1. Ons Harrabi1,
  2. Amy Chen1,
  3. Emma Sangalang1,
  4. Danielle Fontaine1,
  5. Min Li1,
  6. Jaume Pons2,
  7. Hong Wan1,
  8. Janet Sim1 and
  9. Tracy Kuo1
  1. 1Tallac Therapeutics, Burlingame, CA, United States
  2. 2ALX Oncology Holdings Inc, Burlingame, CA, United States


Background Novel therapies engaging both innate and adaptive immune responses may engender durable anti-tumor immunity. Activation of toll-like receptor 9 (TLR9) by unmethylated CpG oligonucleotides promotes innate inflammatory responses and induces adaptive immunity. Immune cells expressing TLR9 encompass B cells and myeloid cells (including dendritic cells and plasmacytoid dendritic cells). Recently, several TLR9 agonists have demonstrated clinical benefit in patients with melanoma when administered intra-tumorally.1 Specifically designed for systemic administration, we developed a novel Toll-like Receptor Agonist Antibody Conjugate (TRAAC) molecule comprised of a differentiated TLR-9 agonist (T-CpG) conjugated to an antibody against SIRPα (ALTA-002). Signal regulatory protein α (SIRPα) is a myeloid inhibitory receptor that suppresses immune activation following binding of its ligand CD47. Blockade of CD47-SIRPα myeloid checkpoint pathway has been shown to promote myeloid-mediated anti-tumor functions leading to the induction of adaptive immunity.2 Additionally, SIRPα is highly expressed in various tumor types including renal cell carcinoma and melanoma.3 Here we present preclinical data demonstrating that ALTA-002 delivers T-CpG to SIRPα expressing myeloid cells, triggering TLR9 signaling, cell activation and immune modulation resulting in robust anti-tumor efficacy.

Methods In vitro activity of ALTA-002 was evaluated using human PBMCs co-cultured in the presence of SIRPα positive and negative tumor cells. Anti-tumor efficacy of mouse ALTA-002 surrogate was evaluated in multiple syngeneic tumor models with varying immunogenicity profiles.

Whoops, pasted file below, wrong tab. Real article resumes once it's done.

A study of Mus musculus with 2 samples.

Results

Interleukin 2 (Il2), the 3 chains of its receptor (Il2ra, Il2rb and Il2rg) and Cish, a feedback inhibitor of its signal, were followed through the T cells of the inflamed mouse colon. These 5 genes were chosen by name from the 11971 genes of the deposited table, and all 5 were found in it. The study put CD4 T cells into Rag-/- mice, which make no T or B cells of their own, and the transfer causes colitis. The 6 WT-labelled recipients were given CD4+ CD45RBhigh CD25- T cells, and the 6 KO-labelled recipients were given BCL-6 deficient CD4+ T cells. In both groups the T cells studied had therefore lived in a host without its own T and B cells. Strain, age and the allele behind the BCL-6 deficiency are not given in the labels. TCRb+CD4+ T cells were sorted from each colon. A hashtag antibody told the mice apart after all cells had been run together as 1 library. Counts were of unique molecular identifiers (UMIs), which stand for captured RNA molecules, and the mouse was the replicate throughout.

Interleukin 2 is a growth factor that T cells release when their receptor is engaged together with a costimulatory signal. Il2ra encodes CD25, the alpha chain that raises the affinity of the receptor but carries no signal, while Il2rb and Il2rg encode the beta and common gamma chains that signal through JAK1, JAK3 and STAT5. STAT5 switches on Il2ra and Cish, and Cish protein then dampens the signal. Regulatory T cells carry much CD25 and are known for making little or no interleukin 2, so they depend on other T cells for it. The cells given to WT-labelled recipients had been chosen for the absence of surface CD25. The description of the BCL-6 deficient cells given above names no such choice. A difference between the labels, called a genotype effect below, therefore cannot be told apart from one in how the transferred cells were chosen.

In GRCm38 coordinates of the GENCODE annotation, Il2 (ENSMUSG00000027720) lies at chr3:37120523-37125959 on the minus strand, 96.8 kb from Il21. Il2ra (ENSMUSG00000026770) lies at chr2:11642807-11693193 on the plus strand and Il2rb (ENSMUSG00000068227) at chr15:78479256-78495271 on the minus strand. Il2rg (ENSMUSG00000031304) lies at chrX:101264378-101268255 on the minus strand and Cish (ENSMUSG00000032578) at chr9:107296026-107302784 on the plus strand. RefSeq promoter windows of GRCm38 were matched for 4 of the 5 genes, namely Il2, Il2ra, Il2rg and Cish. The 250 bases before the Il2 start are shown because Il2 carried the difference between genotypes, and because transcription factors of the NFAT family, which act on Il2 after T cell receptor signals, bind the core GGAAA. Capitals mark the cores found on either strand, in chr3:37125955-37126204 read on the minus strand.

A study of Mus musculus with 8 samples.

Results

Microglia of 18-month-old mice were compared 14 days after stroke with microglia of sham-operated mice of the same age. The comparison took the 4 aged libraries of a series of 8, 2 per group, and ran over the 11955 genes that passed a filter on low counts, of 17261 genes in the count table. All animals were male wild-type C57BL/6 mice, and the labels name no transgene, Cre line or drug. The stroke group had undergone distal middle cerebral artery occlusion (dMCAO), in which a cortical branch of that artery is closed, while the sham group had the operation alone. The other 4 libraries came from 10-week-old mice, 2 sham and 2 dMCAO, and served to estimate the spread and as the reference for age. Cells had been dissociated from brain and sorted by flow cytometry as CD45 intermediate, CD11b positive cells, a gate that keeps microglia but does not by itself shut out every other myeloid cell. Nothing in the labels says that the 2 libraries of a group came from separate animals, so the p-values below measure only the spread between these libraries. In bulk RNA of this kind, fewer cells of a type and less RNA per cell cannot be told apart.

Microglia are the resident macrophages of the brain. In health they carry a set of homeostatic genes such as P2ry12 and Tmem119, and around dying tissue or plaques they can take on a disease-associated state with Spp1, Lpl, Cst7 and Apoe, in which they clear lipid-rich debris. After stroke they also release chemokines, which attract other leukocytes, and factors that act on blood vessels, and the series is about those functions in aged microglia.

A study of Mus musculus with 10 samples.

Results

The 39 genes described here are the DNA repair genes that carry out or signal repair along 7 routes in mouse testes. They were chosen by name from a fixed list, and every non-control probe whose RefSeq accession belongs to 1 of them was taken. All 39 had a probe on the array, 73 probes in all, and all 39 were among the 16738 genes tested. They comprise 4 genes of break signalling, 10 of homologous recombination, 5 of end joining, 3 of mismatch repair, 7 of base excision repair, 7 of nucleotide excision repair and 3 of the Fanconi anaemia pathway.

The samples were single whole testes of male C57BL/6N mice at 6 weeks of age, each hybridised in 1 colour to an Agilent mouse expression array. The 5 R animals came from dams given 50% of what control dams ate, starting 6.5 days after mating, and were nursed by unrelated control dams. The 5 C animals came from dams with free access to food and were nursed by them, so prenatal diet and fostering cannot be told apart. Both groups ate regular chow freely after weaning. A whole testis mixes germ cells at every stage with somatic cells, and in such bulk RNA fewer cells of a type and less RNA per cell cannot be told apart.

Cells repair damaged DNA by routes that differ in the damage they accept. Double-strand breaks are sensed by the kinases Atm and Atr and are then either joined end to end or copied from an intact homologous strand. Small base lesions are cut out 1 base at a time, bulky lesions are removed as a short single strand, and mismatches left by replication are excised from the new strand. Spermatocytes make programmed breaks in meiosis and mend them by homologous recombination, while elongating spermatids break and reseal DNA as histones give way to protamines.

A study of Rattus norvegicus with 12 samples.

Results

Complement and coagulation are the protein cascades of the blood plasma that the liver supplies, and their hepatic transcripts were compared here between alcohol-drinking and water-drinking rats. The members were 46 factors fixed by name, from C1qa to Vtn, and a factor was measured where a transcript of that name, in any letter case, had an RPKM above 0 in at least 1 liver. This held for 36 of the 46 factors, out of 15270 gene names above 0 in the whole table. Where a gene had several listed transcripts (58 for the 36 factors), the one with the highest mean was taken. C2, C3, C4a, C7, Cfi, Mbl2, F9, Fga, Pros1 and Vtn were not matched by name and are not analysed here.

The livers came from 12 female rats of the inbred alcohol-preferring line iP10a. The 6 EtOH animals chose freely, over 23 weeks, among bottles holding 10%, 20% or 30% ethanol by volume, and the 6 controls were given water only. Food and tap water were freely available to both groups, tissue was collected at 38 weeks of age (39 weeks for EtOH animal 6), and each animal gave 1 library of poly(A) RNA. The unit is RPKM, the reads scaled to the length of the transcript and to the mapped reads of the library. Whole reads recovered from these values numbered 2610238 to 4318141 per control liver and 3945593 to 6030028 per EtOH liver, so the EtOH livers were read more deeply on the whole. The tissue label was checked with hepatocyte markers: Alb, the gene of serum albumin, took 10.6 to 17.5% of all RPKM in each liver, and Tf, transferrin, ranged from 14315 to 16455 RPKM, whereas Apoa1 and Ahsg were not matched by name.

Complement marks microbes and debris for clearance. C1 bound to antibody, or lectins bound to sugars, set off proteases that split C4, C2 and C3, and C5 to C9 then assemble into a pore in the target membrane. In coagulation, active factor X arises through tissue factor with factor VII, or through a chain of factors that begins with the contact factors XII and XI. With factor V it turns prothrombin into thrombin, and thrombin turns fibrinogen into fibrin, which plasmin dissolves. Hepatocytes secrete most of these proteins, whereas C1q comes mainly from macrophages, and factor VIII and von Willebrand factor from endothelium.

Results In vitro co-culture of human PBMC and SIRPα positive or negative tumor cells with ALTA-002 stimulates myeloid cells, leading to increased IRF7 induction, expression of co-stimulatory molecules, and cytokine secretion. In vitro treatment with ALTA-002 led to enhanced phagocytic engulfment by human monocyte-derived macrophages across multiple SIRPα positive and negative tumor cell lines. Following systemic delivery of a mouse ALTA-002 surrogate, durable anti-tumor activity was observed in both SIRPα positive and negative expressing tumors. ALTA-002 treated mice with eradicated tumors suppressed tumor growth upon tumor re-challenge, indicating tumor-specific immune memory.

Conclusions These results demonstrate the unique properties of systemically administered ALTA-002, which integrates TLR9 activation and blockade of CD47-SIRPα interaction on myeloid cells to engender both innate and adaptive anti-tumor immune responses. These data support the development of ALTA-002 as an anti-cancer therapeutic for a variety of tumor malignancies.


  1. Hamid O, Ismail R, Puzanov I. Intratumoral Immunotherapy-Update 2019. Oncologist 2020;25(3):e423-e4382.

  2. Kuo T, Chen A, Harrabi O. Targeting the myeloid checkpoint receptor SIRPα potentiates innate and adaptive immune responses to promote anti-tumor activity. J Hematol Oncol 2020;13:160–1783.

  3. Yanagita T, Murata Y, Tanaka D. Anti-SIRPα antibodies as a potential new tool for cancer immunotherapy. JCI Insight 2017;2(1):e89140.

Ethics Approval In vivo studies were approved by the Institutional Animal Care and Use Committee of Tallac Therapeutics.